The readings are from the Catholic lectionary for daily mass while the headlines are chosen to keep my thinking real:
Thus says the Lord to his anointed, to Cyrus,
whom he has taken by his right hand
to subdue nations before him
and strip the loins of kings,
to force gateways before him
that their gates be closed no more:
‘It is for the sake of my servant Jacob,
of Israel my chosen one,
that I have called you by your name,
conferring a title though you do not know me.
I am the Lord, unrivalled;
there is no other God besides me.
Though you do not know me, I arm you
that men may know from the rising to the setting of the sun
that, apart from me, all is nothing.’
The Baylonians defeated Israel and took away its leading citizens as slaves to Babylon. The Persians under Cyrus defeated the Babylonians and permitted the Israeli slaves to return to their own land. Isaiah, an Israeli prophet, writing from amongst the returning exiles, claims that Israel’s God, who is the only real God, has summoned Cyrus to carry out the conquest that will free his exiled people.He emphasises that Cyrus is unaware of his calling or of the one who calls: but he does what God wants.
It’s a bold piece of theology. It claims Israel’s God as the one true God, the creator, the Lord of history, whose purposes may be unknown even to his people. Indeed Isaiah goes on to announce that their sufferings have “carried the sins” of other nations whom God desires to heal. This faith in a God who seems to act with the grain of history (backing the rising power of Cyrus) but also against it (he allies himself with the powerlessness of Israel), challenges modern theologies which no longer dare to identify the purposes of God in contemporary events. Ceratinly we can see why that sort of identification is fraught with peril. Obviously one danger is identifying one’s own interest with God’s, as Islamic State is doing (possibly with some cynicism) and as George W Bush used to do (possibly with not enough cynicism). Another danger is that a power that seems to be on the side of justice at this moment, may turn out to be a source of evil in due course. The military intervention of Nato allies in Libya looked as if it might be fruitful but turns out now to have spread anarchy and cleared a way for powers that care nothing for the rule of law. Anyone who had claimed God’s inspiration for that intervention would now be trying to find excuses for God’s incompetence.
Does this sort of argument rule out Isaiah’s vision? Not altogether, I think.
When the leader of a great power commits justice, perhaps almost by accident, we may surely note the possible influences upon him or her; and who can rule out the influence of God’s goodness, channeled towards a leader in a thousand different ways. For this reason we must never neglect an opportunity to represent the cause of goodness to those with power, whether we do so by public demonstration such as the UK demo yesterday on the issue of low pay, or by online petition, or by suppoorting a charity who can make more expert interventions than we can. Sometimes leaders have claimed that God has directly spoken to them. Many of these have been amongst the most destructive in history, but our scepticism towards tyrants and murderers should not make us rule out Isaiah’s vision: it is possible for leaders of great powers to do some good.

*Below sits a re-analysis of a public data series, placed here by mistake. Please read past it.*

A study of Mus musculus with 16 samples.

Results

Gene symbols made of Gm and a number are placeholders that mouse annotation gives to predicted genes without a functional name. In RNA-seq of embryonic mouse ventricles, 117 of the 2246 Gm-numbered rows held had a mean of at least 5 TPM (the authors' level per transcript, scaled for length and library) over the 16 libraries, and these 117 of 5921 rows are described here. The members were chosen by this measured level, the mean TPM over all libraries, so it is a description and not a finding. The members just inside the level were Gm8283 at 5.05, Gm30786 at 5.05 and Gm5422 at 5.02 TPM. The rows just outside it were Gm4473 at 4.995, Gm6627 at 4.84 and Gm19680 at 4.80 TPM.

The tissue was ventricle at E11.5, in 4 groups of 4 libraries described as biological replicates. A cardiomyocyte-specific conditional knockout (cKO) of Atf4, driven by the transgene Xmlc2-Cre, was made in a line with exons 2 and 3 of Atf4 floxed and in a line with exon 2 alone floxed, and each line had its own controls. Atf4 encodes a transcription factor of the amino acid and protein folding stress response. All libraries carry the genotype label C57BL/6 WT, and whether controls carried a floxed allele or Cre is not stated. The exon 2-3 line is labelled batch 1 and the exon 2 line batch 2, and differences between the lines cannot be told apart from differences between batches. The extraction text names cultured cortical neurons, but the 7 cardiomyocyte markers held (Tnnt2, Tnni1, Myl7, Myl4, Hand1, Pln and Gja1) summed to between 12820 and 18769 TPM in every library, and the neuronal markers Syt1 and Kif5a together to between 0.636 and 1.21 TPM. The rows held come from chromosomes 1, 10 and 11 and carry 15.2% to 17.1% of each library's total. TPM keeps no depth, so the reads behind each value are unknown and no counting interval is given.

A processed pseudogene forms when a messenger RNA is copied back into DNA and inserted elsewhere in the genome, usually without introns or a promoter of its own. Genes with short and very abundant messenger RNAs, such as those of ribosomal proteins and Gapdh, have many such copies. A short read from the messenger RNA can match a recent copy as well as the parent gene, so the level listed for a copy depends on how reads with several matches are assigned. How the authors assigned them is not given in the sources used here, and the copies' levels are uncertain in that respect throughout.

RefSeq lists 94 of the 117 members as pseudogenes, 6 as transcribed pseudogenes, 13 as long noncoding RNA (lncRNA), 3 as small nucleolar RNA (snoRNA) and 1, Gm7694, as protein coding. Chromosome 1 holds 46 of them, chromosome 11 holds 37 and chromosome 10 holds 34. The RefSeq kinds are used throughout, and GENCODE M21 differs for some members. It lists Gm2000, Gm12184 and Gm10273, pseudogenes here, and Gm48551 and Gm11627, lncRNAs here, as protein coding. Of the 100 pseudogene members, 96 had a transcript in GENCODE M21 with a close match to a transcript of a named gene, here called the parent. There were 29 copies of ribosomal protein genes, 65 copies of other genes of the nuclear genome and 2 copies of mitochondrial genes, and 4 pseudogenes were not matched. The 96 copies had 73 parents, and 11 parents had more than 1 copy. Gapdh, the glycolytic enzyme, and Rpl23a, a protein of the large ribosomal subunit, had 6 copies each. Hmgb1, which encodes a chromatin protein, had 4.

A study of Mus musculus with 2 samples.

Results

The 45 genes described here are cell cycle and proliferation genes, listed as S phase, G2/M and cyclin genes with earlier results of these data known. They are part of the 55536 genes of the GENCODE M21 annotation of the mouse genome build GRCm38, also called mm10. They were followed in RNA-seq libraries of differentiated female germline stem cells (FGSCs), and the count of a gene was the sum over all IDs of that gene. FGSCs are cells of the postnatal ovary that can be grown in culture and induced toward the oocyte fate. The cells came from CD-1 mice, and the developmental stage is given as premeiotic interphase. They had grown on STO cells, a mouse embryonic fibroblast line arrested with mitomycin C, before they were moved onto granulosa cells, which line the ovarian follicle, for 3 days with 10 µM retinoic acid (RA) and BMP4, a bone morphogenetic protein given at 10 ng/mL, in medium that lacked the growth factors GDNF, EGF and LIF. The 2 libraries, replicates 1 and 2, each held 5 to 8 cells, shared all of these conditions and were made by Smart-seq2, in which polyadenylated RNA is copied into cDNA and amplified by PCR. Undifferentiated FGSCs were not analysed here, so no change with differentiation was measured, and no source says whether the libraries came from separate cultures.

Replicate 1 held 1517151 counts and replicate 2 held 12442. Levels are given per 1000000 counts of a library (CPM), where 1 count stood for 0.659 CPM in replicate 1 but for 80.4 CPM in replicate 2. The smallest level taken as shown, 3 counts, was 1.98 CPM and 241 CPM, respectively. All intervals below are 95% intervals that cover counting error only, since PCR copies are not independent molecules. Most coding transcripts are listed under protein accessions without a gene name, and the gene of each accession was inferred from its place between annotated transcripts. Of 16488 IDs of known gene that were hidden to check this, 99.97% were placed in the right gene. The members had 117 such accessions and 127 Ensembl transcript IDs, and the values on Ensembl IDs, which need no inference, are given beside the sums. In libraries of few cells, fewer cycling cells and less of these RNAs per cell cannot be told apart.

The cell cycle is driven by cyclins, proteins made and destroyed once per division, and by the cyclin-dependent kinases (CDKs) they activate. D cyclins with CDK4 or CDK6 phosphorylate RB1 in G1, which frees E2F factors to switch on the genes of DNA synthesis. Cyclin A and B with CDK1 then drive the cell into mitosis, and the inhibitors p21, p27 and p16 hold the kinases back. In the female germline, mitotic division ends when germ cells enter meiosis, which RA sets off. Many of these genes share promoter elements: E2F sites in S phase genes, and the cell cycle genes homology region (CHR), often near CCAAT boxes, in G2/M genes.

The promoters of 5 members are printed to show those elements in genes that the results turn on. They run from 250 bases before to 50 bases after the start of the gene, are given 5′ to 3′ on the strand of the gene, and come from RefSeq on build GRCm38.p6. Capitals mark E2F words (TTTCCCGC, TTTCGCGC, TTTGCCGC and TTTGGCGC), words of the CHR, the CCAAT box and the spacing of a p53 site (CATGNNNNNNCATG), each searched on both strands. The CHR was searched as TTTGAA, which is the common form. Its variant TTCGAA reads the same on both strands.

The Pharisees went away to work out between them how to trap Jesus in what he said. And they sent their disciples to him, together with the Herodians, to say, ‘Master, we know that you are an honest man and teach the way of God in an honest way, and that you are not afraid of anyone, because a man’s rank means nothing to you. Tell us your opinion, then. Is it permissible to pay taxes to Caesar or not?’ But Jesus was aware of their malice and replied, ‘You hypocrites! Why do you set this trap for me? Let me see the money you pay the tax with.’ They handed him a denarius, and he said, ‘Whose head is this? Whose name?’ ‘Caesar’s’ they replied. He then said to them, ‘Very well, give back to Caesar what belongs to Caesar – and to God what belongs to God.’
Not for the first time I have to note careless translation in this version of the Bible. (The Grail version used for mass). When Jesus is shown a denarius, he asks, literally, “whose image and inscription is this?” That’s important because his devastating contrast is between the coinage stamped with the image and inscription of Caesar, and the human being stamped with the image and inscription of God. The one may be returned to Caesar but the other belongs tio God alone.
In this incident Jesus is given the chance to influence political leaders and perhaps a whole people. It’s a trap of course, as the questioners want either for Jesus to discredit himself in the eyes of patriotic Jews (by agreeing to the tax) or to put himself in danger from the Roman authority (by opposing it).
Firstly Jesus exposes hypocrisy. Thoroughly patriotic Jews would not have used Roman coins. His questioners’ possession of a denarius shows their own compliance with Rome.
Secondly, Jesus sends a message to the Jihadists. The supposed blasphemy of using coins stamped with an arrogant image is not important; give them back to Caesar. Pay the tax if need be.
Thirdly, Jesus sends a message to all the powers in his society: human lives belong to God and are precious. They cannot be owned by Rome or by the establishment of Israel, or for that matter, by Jihadists.
The radical wisdom of this answer is exemplary: Jesus exposes evil, reveals the goodness of the creator and urges worldly powers to respect the dignity of human beings. Later even his enemies were forced to admit that all their brutality could not destroy the image of God stamped on this man in his dying as in his living.